There is one sure place to hear a cowbell: Vineyard football games.
While football has its great players on the field, there also are performers in the seats.
The fans all bring talent to the bleachers.
Frank Daly of Vineyard Haven tries to make it to every game with his cowbell. With his red wool cap, he is easy to spot in the crowd.
“I think I first started going to the games in 1994,” Mr. Daly said. “I had a cousin spend a winter with me and he was interested in football. I remember that first season we went over to Nantucket and I’ve been going to Nantucket every time.”
“I make every game I possibly can,” Mr. Daly said. “The only games I don’t make are the off-Island games that end so late, I can’t make it back to the Vineyard at night. I didn’t go to the game in western Massachusetts. I didn’t go to Carver because it was just too late in the evening.”
Jesse (Jack) B. Law 3rd, who has been president of the Touchdown Club for 11 years, said these Vineyard fans are devoted to the team.
They are the best,” Mr. Law said. “We have some of the best spectators. They come wearing their wild hats. They wear their fur coats. Frank Daly is always there. Henry Burt is always there. Sheriff Mike McCormack is always there. You see all the alumni and the old coaches.
“It is an amazing group of people and we see them at every game, leading up to the big game,” he said. “It is fabulous. They have cowbells, they have whistles and hand clappers. They have all kinds of stuff and it is all fun.”
Mr. Daly does make a distinction between his love for Vineyard football and his love for football. “I don’t watch college football. I watch the Patriots. But to be truthful if someone offered me a ticket to Foxboro and there was also a Vineyard game, I’d choose going to the Vineyard game,” Mr. Daly said. The reason is easy to explain: “I don’t know Tom Brady. But I know the local kids. When you get to know the guys personally, it is much better.”
Why a cowbell? “I used to holler at the games, but then I would lose my voice,” Mr. Daly said. “So I used small clappers and noisemakers, but then I realized I already had a cowbell from when I was a kid and it saved me.”
During the day, Mr. Daly is a professional engineer and runs a business called Frank Daly Engineering. In the bleachers he can sit next to anyone and everyone and feel the unity and fellowship of the sport.
While it takes a commitment to be a football player, everyone can qualify to be a fan.
Fella Cecilio of Vineyard Haven, who was once a member of the team, today runs Fella Caterers with his wife Jane. The two of them go to almost every game. And they play their cowbells together as well as anyone.
“I was in the eighth grade and they took me up to the high school varsity football practice,” Mr. Cecilio remembers. “I would play with the varsity.” By the time he was a freshman, he already was qualified to be on the team.
“I played with Bob Tankard,” Mr. Cecilio said. “I played with the best.”
Their son Michael graduated from the high school last year. When he was out on the field playing the game from his sophomore to his senior year, his jersey number was 76, the same number his father had years before.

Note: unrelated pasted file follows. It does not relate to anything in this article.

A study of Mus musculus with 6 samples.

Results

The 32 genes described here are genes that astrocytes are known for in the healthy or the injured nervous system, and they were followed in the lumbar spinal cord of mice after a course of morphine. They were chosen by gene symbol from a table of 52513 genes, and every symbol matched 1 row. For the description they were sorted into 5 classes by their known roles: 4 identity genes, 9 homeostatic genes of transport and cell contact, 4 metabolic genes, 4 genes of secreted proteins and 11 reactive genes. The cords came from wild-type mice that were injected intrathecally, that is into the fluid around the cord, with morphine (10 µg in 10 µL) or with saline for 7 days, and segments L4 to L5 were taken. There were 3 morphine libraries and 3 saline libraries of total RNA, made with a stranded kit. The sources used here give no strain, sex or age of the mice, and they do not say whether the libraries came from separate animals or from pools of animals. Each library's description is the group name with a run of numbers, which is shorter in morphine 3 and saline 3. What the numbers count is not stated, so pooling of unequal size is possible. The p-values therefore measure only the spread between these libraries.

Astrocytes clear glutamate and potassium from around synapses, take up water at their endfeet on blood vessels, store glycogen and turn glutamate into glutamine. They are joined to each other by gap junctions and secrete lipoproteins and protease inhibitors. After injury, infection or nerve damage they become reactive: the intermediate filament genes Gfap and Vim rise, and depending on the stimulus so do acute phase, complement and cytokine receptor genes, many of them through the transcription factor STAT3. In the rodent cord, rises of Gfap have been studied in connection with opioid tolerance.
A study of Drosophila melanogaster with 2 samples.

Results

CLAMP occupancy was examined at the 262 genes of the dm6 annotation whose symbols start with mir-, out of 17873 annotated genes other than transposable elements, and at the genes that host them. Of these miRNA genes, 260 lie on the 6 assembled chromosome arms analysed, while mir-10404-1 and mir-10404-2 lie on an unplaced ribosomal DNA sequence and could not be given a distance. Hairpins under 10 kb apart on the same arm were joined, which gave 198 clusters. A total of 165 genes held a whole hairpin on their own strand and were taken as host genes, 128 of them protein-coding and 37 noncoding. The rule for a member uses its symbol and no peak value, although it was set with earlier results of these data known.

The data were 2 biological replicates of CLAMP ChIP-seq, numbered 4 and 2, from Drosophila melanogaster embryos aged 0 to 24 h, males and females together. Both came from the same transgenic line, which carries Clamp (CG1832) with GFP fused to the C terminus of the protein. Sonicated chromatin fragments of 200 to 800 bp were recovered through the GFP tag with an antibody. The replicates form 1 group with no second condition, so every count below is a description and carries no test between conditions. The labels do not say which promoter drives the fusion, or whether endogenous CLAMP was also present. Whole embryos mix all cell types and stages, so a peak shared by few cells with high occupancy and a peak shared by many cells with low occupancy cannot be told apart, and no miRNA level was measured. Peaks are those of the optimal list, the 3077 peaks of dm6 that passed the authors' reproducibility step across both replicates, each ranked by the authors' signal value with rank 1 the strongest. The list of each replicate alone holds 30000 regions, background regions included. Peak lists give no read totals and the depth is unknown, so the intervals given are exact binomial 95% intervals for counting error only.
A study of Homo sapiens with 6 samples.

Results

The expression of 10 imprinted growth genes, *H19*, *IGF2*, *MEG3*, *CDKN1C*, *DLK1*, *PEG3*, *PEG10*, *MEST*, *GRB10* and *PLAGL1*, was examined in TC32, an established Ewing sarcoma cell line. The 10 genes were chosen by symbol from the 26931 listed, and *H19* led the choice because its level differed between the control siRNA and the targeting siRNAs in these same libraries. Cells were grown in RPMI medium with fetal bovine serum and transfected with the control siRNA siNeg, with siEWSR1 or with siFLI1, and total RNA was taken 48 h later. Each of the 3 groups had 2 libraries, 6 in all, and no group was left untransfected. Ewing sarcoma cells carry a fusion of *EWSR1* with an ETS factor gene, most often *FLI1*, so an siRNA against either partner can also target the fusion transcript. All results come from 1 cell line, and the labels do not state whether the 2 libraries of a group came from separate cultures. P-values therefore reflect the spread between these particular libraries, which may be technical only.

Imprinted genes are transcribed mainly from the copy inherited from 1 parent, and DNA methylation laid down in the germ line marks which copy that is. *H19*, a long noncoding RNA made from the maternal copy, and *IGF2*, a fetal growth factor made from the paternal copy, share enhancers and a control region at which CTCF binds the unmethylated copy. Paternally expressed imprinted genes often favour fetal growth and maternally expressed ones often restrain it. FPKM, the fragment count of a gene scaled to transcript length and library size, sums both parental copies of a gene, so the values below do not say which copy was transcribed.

“I try to make it to all the games,” Mr. Cecilio said. And even if they’ve seen the game first-hand, it still isn’t over.
Mrs. Cecilio said: “We are so pathetic, we even watch it again on television. We thank Plum TV for the instant replay.”
Mr. Cecilio wasn’t always a cowbell player. Prior to making the switch, he used to play a five-gallon sheetrock bucket. He would take the empty bucket, turn it upside down and use it as a drum with sticks.
Cheryl Noyes of Edgartown is another noisy avid football fan who goes to most of the games. Her husband Alfred, describes his wife’s connection to football as more than enthusiastic. “She takes my air horn, my boat horn to the games,” he said.
Noisemaking isn’t limited to just these key bleacher players. Mr. Cecilio said that he knows that SBS in Vineyard Haven is selling cowbells and he is looking forward to more bell players at tomorrow’s game against Nantucket.
Denise Lambos isn’t a noisemaker but she has followed the Vineyard football team for years. Her true affection for the Vineyard varsity football team began in 1994 when her son Peter was a freshman and a player. She didn’t stop going to football games when her son Brian graduated from the high school six years ago. Mrs. Lambos is today the Touchdown Club’s executive secretary and she said she has a great time with the players and the fans.
“My kids first noted to me that we often have more fans in our away games than the home team,” Mrs. Lambos said. “We have a lot of parents that go to away games. I think the same thing happens today.”
In her eyes, television coverage has had a detrimental impact. “We used to have a lot of older loyal followers,” she said. “People can now watch the game at home.”
For many Vineyard fans it is more than a love for football that helps underwrite the interest in distant trips to games. Mr. Daly said he sees the trip off-Island, to an away game, as an Islander’s chance to go on a mainland excursion.
“When I go off-Island, I go power shopping,” he said. “After seeing the game there is an excuse to power shop, hit the Stop & Shop in Falmouth, go to Ocean State Job Lot and Home Depot. And I indulge in that rare opportunity to go to McDonalds.”